Life is not Fluffy Bunnies

January 1, 2012 at 3:31 pm Leave a comment

A little reminder of why I do this. The premise is simple. You donate to a childrens charity and comment on this blog about the donation and what you wanted to be when you were 8. Want to know more? Please read the About Lesley page….

Apologies for the flippant title for a very serious post. Many of you will have seen the news today with the horrifying story about Sahar Gul. Married off at 14 to a man twice her age, she was the victim of severe violence, incarceration and starvation from the family she married into. The story is here – Sahar was a child when given in marriage, she is still a child now. Her parents prompted her rescue after not being able to see her for some months. I am glad they did so.

There are so many currents to this sad tale that I am not quite sure where to begin. Allowing a child to be married at fourteen is a start. The legal age for marriage in Afghanistan is sixteen but it seems culturally acceptable to marry earlier. In a society where 90% of the world’s opium originates and a Government  under consistent attack from a regrouping Taliban a chocolate-box childhood is not to be expected. With extreme poverty and sporadic education both for boys and girls, starting work early (where work can be gained) and marrying early is the norm. I cannot therefore say anything bad about Sahar’s parents. They may have let her marry but they also tried to maintain their relationship with their daughter and were the cause of her rescue.

Domestic violence levels in Afghanistan are said to be very high; some estimates state over 70% of women and children experience it. It is hard to get firm figures as so few cases are reported. When any news reports you see on the country stem from violence, against troops stationed there, against rival tribes and factions, then violence is at the very heart of day-to-day life. The chilling part of this is that violence begets more violence. Growing up as I did in a country where arms took the place of dialogue for many years you can see how ‘everyday’ violence ingrains itself into a society. It is a long, hard road to change this. The problem with Afghanistan and so many other places in the world is that many do not want violence to stop. They see it as an indisputable right, their struggle and conflict is right, everyone else is wrong. With this mindset in place across the opposing forces then nothing will change.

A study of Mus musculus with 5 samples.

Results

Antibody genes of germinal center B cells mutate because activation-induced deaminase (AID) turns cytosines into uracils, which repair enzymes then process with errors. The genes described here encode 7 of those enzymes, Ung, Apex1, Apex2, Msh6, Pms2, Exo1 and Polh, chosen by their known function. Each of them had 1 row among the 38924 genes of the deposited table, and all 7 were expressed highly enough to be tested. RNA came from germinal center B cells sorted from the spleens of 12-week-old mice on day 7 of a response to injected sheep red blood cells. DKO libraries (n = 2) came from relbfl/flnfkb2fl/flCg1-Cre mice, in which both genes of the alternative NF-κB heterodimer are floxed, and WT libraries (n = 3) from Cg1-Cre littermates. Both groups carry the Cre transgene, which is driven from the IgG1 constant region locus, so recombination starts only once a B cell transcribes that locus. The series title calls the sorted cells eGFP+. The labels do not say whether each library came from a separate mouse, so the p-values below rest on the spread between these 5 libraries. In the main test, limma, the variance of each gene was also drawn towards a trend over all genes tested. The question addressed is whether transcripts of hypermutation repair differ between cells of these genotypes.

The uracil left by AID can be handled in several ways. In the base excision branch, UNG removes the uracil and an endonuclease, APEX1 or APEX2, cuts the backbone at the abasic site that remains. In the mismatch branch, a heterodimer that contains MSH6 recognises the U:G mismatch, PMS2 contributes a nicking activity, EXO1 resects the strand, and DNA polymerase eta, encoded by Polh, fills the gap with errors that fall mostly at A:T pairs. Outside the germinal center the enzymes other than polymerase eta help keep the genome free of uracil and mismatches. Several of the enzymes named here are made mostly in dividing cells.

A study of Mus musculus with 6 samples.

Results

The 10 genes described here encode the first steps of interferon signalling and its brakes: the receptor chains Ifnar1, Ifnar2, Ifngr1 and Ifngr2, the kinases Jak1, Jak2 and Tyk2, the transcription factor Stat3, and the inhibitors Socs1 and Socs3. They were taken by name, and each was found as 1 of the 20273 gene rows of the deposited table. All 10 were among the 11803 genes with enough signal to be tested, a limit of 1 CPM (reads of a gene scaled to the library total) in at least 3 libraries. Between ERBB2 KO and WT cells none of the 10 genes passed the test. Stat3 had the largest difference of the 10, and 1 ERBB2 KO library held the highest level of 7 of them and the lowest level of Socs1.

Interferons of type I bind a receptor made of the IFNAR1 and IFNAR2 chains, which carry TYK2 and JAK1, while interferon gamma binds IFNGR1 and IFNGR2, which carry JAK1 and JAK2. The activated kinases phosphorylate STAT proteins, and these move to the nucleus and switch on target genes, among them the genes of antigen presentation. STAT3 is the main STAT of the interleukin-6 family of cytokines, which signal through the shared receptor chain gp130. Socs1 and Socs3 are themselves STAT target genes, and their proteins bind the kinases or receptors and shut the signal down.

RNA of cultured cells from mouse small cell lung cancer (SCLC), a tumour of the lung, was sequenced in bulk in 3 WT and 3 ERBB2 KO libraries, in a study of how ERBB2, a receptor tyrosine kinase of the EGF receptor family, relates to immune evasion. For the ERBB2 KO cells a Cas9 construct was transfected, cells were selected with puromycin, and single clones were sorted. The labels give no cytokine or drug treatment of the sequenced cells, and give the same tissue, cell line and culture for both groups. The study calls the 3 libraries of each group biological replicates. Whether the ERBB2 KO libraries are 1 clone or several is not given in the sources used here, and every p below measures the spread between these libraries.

Violence cows people, it leaves them submissive. Submissive people are easier to control but that submission can lead to more violence. Flinching against a blow that doesn’t come can anger the dominant and lead to blows once again. This is not a life for anyone. This is barely an existence. It is suggested that Sahar suffered some of her abuse due to her refusal to become a prostitute. If this is so then she is beyond brave. Sahar will need time now, physical wounds will heal but I hope they find someone who can help with the mental battle she will now face. I also hope her story prompts more action on behalf of those who have not yet been rescued.

Lastly, violence against the defenceless is not unique to this story. We should never forget that. If you know someone who is being treated badly then please do something about it….

I close, as always, with this:-

  • Donate to a valid children’s charity of your choice.
  • Visit this blog and comment about your donation. Please also tell me what you wanted to be when you were 8. I still want to collect those tales and hope that some child will read about your words and deeds and want to do the same when they are old enough.

I will:-

  • Add your donation to the Totals page on this blog, totals are updated weekly.
  • I will also write some words about the current donations and the charity
  • Store all comments so that everyone can read them.

Thank you for reading.



Entry filed under: Children, Donating, Giving, Life, wheniwas8. Tags: , , , , .

How was it for you? Parenting or Punishment?